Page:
US private sector employers added far fewer jobs than expected in May, data out Thursday showed.
Hiring slowed to just 128,000 last month, ADP said. That was nowhere near consensus (figure below) and easily represented the slowest pace of hiring post-COVID.
Economists expected 300,000 from the headline. Out of nearly three-dozen forecasts, no one projected a print below 200,000.
April’s already disappointing headline was revised even lower.
With the obligatory caveat that ADP has been a poor predictor of NFP in the pandemic era, the figures didn’t bode especially well for Friday’s jobs report.
Worryingly, small businesses shed another 91,000 jobs in May on the heels of April’s big decline which, as it turns out, was even larger than initially reported. The two-month total amounts to 214,000 lost jobs (figure below).
Insult to injury: March’s 90,000 gain for small businesses was revised to show a meager increase of 11,000.
The breakdown within the services sector wasn’t encouraging. Leisure and hospitality added just 17,000 jobs.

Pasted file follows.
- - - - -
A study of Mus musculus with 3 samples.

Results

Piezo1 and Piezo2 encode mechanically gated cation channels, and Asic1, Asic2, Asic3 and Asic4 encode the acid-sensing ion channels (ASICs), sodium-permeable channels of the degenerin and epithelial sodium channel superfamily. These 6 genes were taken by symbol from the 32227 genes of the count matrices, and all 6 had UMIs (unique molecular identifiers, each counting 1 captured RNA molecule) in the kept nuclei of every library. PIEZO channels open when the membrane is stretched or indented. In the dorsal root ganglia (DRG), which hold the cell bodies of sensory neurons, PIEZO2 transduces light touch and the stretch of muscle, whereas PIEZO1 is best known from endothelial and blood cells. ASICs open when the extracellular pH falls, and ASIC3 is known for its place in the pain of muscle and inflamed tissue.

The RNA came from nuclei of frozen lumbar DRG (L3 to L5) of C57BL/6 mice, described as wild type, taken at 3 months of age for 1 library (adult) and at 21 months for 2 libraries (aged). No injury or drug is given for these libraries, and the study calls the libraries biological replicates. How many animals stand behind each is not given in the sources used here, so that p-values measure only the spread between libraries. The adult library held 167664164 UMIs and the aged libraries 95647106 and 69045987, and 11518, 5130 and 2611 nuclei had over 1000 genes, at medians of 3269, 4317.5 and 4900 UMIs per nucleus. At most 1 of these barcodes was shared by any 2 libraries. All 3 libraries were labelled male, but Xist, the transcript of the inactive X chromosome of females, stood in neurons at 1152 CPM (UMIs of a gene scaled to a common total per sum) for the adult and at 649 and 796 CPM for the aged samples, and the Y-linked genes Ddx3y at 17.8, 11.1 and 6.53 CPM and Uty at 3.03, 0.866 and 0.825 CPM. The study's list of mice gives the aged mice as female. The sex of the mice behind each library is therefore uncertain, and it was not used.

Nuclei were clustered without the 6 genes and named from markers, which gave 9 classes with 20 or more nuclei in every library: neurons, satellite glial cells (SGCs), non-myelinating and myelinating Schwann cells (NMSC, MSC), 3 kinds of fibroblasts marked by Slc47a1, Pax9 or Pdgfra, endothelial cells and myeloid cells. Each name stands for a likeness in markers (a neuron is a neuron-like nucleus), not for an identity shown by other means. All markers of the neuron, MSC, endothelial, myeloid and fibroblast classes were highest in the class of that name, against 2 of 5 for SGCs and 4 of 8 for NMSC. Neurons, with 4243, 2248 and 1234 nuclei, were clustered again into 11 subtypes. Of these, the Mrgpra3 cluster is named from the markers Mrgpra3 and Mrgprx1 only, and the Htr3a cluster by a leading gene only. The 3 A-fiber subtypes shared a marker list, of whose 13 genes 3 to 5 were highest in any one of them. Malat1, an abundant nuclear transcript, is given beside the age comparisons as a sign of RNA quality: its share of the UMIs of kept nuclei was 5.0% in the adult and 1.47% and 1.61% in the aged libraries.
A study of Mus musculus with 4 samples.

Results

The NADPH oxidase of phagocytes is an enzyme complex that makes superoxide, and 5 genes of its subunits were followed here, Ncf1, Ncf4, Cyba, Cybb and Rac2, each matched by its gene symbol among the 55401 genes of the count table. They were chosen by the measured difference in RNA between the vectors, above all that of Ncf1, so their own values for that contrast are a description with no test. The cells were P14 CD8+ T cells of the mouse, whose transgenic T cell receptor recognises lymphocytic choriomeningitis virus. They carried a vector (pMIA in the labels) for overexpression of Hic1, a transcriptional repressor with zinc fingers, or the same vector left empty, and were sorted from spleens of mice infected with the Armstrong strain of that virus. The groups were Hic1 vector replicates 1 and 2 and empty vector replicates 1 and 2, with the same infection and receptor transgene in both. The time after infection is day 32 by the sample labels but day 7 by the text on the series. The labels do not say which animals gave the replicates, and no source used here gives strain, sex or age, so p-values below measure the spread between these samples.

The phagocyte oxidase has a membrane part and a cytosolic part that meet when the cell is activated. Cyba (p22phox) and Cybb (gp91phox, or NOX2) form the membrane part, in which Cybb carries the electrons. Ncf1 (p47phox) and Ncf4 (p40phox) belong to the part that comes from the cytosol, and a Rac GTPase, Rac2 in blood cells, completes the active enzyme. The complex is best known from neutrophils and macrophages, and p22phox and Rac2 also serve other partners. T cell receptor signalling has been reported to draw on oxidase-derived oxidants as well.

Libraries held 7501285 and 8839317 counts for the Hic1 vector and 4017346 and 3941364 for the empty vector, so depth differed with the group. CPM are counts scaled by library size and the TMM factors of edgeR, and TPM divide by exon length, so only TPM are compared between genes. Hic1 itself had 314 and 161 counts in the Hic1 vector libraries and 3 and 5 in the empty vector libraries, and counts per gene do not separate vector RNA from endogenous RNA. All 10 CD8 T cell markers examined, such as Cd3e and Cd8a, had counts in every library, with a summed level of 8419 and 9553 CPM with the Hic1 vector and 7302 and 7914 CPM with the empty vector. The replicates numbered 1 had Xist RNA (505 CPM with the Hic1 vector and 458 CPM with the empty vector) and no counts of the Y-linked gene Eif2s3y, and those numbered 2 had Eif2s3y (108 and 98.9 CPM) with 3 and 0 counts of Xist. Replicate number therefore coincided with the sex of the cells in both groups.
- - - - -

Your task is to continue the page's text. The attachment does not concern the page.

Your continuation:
With the exception of December 2020, when America was ramping up vaccinations while grappling with a vicious winter COVID wave, May’s leisure and hospitality hiring was the worst showing since the initial pandemic plunge.
Notably, hiring in leisure and hospitality has decelerated for three straight months, and is on the brink of flatlining ahead of a summer that’s supposed to be characterized by goods-to-services switching among consumers (figure above).
In the goods producing sector, construction lost jobs for only the second time since the onset of the pandemic.
There are multiple dynamics in play simultaneously. Obviously, workers are scarce. It’s possible there just aren’t that many people left to hire who still want a job. Small businesses are having a very difficult time competing for scarce workers against multinationals with deep pockets as wages spiral higher. And the Fed is hiking rates in an effort to cool the labor market.
Add it all up and what do you get?
“Under a backdrop of a tight labor market and elevated inflation, monthly job gains are closer to pre-pandemic levels,” Nela Richardson, ADP’s chief economist, said Thursday. “The job growth rate of hiring has tempered across all industries, while small businesses remain a source of concern as they struggle to keep up with larger firms.”
On the bright side, jobless claims fell last week to 200,000, below estimates.